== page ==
What if the civil magistrate said no to wickedness. . .

Brothers, I hope you’ll permit me this brief advertisement…

Good Christian men today rightly bemoan the wicked decisions and actions of this generation’s civil magistrates as they continue to condemn the innocent and call evil good and good evil. But what should the civil magistrate do? How would the godly call him to that? And what would it cost?

Whether you’re a pastor, layman, governor, legislator, police officer, father, mother, or student, there’s something to challenge you in Patrick Johnston’s Revolt Trilogy. Published in 2011, I found it riveting, realistic, relevant—and helpful in thinking through these things.

Thinking the work needed broader circulation, I contacted the author and got permission to make and freely distribute an audio reading of book 1 of the trilogy, titled The Revolt of 2020.

So without further ado I’m pleased to present chapter 1 of The Revolt of 2020, audio edition, over here. You can download the mp3 individually there or subscribe to the RSS feed with your podcast software.

Lord willing I expect to begin posting more chapters after the first of the year on some kind of regular schedule.

If you only listen to one chapter, listen to this chapter 1. Watch out, it’s not an academic treatise! It’s about 30 minutes long. Let me know what you think.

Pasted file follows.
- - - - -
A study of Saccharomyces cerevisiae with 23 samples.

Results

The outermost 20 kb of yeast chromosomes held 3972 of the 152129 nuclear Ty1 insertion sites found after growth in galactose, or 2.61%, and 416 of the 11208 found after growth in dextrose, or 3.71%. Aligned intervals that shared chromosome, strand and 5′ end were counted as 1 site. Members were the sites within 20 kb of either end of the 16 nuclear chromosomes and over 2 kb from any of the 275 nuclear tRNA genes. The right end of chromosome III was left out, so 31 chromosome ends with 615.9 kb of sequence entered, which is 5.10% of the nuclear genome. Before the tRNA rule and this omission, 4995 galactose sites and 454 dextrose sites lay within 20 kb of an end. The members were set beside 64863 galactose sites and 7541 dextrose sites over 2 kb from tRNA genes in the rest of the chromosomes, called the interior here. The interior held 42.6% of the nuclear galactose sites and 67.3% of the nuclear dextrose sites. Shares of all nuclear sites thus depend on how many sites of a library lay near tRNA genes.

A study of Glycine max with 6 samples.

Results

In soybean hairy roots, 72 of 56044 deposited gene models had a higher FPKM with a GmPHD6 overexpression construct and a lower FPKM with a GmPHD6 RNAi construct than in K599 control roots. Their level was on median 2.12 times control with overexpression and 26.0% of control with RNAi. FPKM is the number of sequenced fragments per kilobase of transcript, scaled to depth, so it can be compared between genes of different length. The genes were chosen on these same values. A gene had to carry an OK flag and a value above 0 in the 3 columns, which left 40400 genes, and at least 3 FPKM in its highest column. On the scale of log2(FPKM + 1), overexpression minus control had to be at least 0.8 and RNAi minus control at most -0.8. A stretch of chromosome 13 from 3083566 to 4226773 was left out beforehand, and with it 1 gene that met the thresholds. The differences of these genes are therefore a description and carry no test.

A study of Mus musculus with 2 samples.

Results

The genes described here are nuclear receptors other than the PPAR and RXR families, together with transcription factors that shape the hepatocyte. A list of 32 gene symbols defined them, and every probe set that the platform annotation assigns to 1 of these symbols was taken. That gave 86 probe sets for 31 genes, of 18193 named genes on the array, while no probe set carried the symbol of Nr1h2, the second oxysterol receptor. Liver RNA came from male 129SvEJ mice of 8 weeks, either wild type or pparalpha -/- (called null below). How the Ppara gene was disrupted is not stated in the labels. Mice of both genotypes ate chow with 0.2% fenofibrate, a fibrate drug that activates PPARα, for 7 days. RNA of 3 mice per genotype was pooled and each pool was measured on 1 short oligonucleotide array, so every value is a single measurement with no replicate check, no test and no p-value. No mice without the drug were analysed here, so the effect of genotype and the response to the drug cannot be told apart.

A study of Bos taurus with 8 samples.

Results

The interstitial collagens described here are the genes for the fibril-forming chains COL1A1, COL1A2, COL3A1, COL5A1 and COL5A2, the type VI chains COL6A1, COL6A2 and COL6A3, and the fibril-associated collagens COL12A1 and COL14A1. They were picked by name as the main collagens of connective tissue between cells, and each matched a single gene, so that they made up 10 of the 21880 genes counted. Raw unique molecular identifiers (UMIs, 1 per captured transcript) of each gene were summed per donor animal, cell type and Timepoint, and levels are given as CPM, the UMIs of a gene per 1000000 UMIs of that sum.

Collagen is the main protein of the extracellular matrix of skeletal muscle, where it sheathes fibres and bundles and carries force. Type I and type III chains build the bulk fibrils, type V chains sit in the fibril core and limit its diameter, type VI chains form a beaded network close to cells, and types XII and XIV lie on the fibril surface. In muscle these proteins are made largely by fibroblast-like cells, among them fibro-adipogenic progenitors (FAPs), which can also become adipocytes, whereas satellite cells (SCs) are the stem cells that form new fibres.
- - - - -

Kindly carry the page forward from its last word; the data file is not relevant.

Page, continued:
I was inclined to stop listening after 2 minutes and finally quit at 28 minutes. With all due respect to Mr. Johnston, I found the writing painfully ham-fisted.

Dear Joseph,

You failed to mention the painfully poor production quality of the recording audio, which I neglected to warn about!

What I came away with personally after chapter 1 was, wow, a civil magistrate could actually do this: say “No killing of innocent babies shall be allowed within this jurisdiction” and make it so. What would it take to get there? In this series the rest of book 1 is how chapter 1 happened. And books 2 and 3 deal with when all hell breaks loose in response.

I think we’re good at telling the government what it does that is wicked, but bad (to the point of total neglect) at teaching the government what it should do. What prophet ever condemned the wrong without teaching the right? You can’t turn from something bad without knowing what you should turn to.

Maybe Johnston’s writing is sloppy (I know my reading is!), but I maintain that his work is useful in helping us wrestle through these things. For me I’ve found these issues an ongoing fog and paralysis, and Johnston’s work gives me footholds, places to argue, consider, rebut, and build my thinking. If there are other better resources for this purpose, by all means let’s use them too.

So, I hope you’ll continue to listen to 28 minutes each of the next chapters. :slight_smile: Every one of them is difficult and disturbing. But also helpful, I think.



“And when he sits on the throne of his kingdom, he shall write for himself in a book a copy of this law, approved by the Levitical priests. And it shall be with him, and he shall read in it all the days of his life, that he may learn to fear the Lord his God by keeping all the words of this law and these statutes, and doing them, that his heart may not be lifted up above his brothers, and that he may not turn aside from the commandment, either to the right hand or to the left, so that he may continue long in his kingdom, he and his children, in Israel” (Deuteronomy 17:18-20).

"For John had been saying to him [Herod], ‘It is not lawful for you to have her.’ " (Matthew 14:4).

“Herod had John arrested, he bound him and put him in prison” (Matthew 14:3).

“He sent and had John beheaded in the prison” (Matthew 14:10).